Organise your finances

Besides it being the time to take advantage of tax relief plans, the beginning of the year is an opportune moment to take a close look at your finances so that you are prepared and organised for the months ahead.  Looking at the key areas:


As an overriding principle it is worth noting Mr Micawber’s advice to young David Copperfield in the Charles Dickens novel of the same name:

‘Annual income 20 pounds, annual expenditure 19 pounds 19 shillings and six pence, result happiness. Annual income 20 pounds, annual expenditure 20 pounds nought and six, result misery.  (David Copperfield by Charles Dickens – 1850)

The Micawber principle is as valid today as it was 174 years ago although a little more leeway between income and expenditure would be desirable!

A proper assessment of income versus expenditure is essential with the latter being the most important.

Firstly, list your monthly expenses and highlight those items which might be deemed unnecessary.  In this regard check on all household bills and subscriptions.  Then try and cut out or cut down on what are clearly non-essential items.

The objective is to not only stop wastage but to create as much disposable income as possible for investment.

Review your debt

Aim to reduce or even pay off your most expensive debt first.  Alternatively, if this cannot be done then look to consolidate your debt by transferring the most expensive to the cheapest.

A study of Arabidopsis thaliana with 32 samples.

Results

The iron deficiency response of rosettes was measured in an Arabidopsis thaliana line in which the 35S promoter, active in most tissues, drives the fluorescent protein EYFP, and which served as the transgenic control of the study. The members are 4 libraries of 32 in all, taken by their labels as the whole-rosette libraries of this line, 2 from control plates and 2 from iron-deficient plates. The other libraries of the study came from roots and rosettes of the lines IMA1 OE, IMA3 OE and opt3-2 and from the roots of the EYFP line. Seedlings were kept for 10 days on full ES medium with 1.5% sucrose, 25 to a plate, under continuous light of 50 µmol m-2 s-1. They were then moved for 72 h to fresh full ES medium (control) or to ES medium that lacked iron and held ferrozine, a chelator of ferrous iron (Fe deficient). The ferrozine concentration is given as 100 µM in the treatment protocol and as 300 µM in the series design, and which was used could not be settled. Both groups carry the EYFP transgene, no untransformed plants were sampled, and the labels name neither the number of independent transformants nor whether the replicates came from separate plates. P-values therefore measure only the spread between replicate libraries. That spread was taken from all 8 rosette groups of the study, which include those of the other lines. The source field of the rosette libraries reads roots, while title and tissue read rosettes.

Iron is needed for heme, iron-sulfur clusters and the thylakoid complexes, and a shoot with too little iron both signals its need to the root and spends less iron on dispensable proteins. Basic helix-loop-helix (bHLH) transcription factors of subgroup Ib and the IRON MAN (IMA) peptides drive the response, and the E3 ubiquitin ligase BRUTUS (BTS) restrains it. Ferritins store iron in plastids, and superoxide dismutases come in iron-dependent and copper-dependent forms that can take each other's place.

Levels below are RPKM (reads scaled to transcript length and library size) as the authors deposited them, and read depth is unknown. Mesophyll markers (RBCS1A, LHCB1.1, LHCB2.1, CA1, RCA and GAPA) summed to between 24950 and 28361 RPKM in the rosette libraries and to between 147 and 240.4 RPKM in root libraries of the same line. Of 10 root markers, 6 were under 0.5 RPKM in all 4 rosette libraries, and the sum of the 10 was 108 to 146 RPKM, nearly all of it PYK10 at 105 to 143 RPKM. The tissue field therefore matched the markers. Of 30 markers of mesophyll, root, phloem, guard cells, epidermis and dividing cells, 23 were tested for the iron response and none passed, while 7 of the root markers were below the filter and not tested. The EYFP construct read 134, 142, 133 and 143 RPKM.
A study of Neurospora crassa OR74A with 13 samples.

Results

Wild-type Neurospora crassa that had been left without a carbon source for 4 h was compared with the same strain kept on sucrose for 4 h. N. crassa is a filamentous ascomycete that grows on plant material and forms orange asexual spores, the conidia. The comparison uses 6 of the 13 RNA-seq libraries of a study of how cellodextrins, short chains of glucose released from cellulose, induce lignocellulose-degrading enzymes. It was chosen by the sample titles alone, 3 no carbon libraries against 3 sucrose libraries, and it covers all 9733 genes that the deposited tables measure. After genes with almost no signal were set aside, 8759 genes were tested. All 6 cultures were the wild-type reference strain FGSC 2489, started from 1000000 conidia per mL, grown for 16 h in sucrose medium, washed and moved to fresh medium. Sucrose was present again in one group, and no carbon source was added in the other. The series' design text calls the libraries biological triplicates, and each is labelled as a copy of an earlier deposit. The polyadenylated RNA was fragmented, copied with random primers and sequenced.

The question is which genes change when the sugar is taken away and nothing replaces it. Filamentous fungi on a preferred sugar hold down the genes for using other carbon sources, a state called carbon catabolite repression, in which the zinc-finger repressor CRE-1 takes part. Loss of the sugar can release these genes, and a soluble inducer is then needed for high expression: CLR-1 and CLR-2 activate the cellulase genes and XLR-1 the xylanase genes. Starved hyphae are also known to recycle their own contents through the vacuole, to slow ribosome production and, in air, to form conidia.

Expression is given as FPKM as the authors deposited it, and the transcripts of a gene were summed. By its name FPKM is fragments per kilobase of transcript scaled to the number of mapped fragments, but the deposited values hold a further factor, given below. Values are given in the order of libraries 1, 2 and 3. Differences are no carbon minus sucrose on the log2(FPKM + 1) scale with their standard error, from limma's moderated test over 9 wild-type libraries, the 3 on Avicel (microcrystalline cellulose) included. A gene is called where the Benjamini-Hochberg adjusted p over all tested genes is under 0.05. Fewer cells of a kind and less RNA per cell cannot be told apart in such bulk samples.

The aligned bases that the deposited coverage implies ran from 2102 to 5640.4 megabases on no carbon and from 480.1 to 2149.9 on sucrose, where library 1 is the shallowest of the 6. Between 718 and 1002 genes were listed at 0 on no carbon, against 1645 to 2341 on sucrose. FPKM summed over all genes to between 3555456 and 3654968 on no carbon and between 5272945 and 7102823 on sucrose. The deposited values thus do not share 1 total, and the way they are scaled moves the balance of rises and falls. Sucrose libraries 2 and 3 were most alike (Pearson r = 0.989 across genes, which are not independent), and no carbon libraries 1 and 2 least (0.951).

This could be achieved by using an access bond to cover most debt.  Not only is the interest rate on the latter lower but so too are the repayments thus freeing up cash for investment elsewhere.  The only word of caution here is that by converting short term to longer term debt, you will pay more interest over the term of the latter.  It is important therefore to reduce or pay down this debt as well before the term has run its course but at least there is relief as regards current cash flow.


Having examined your budget and where possible reduced debt, hopefully there is a now a decent gap between income and expenditure.  Ideally this will allow firstly for an emergency fund to be created, if there isn’t one already, which would give 3 to 6 months of living expenses as a back-up.  With an emergency fund in place, ideally you should now aim to put aside around 15% -20% of your disposable income into investment for the medium to longer term.

Review long term goals

It’s easy to be caught up in the here and now when trying to manage one’s finances.  However, long term financial planning is crucial too.  Hopefully if you have disposable income you can set aside money to invest sufficiently for planned retirement.  Even if you are a member of an employer retirement plan, it is important that you do not rely on this to provide financial independence at retirement because it is unlikely to do so.

Please contact your Maximus adviser for a further discussion and advice on financial planning.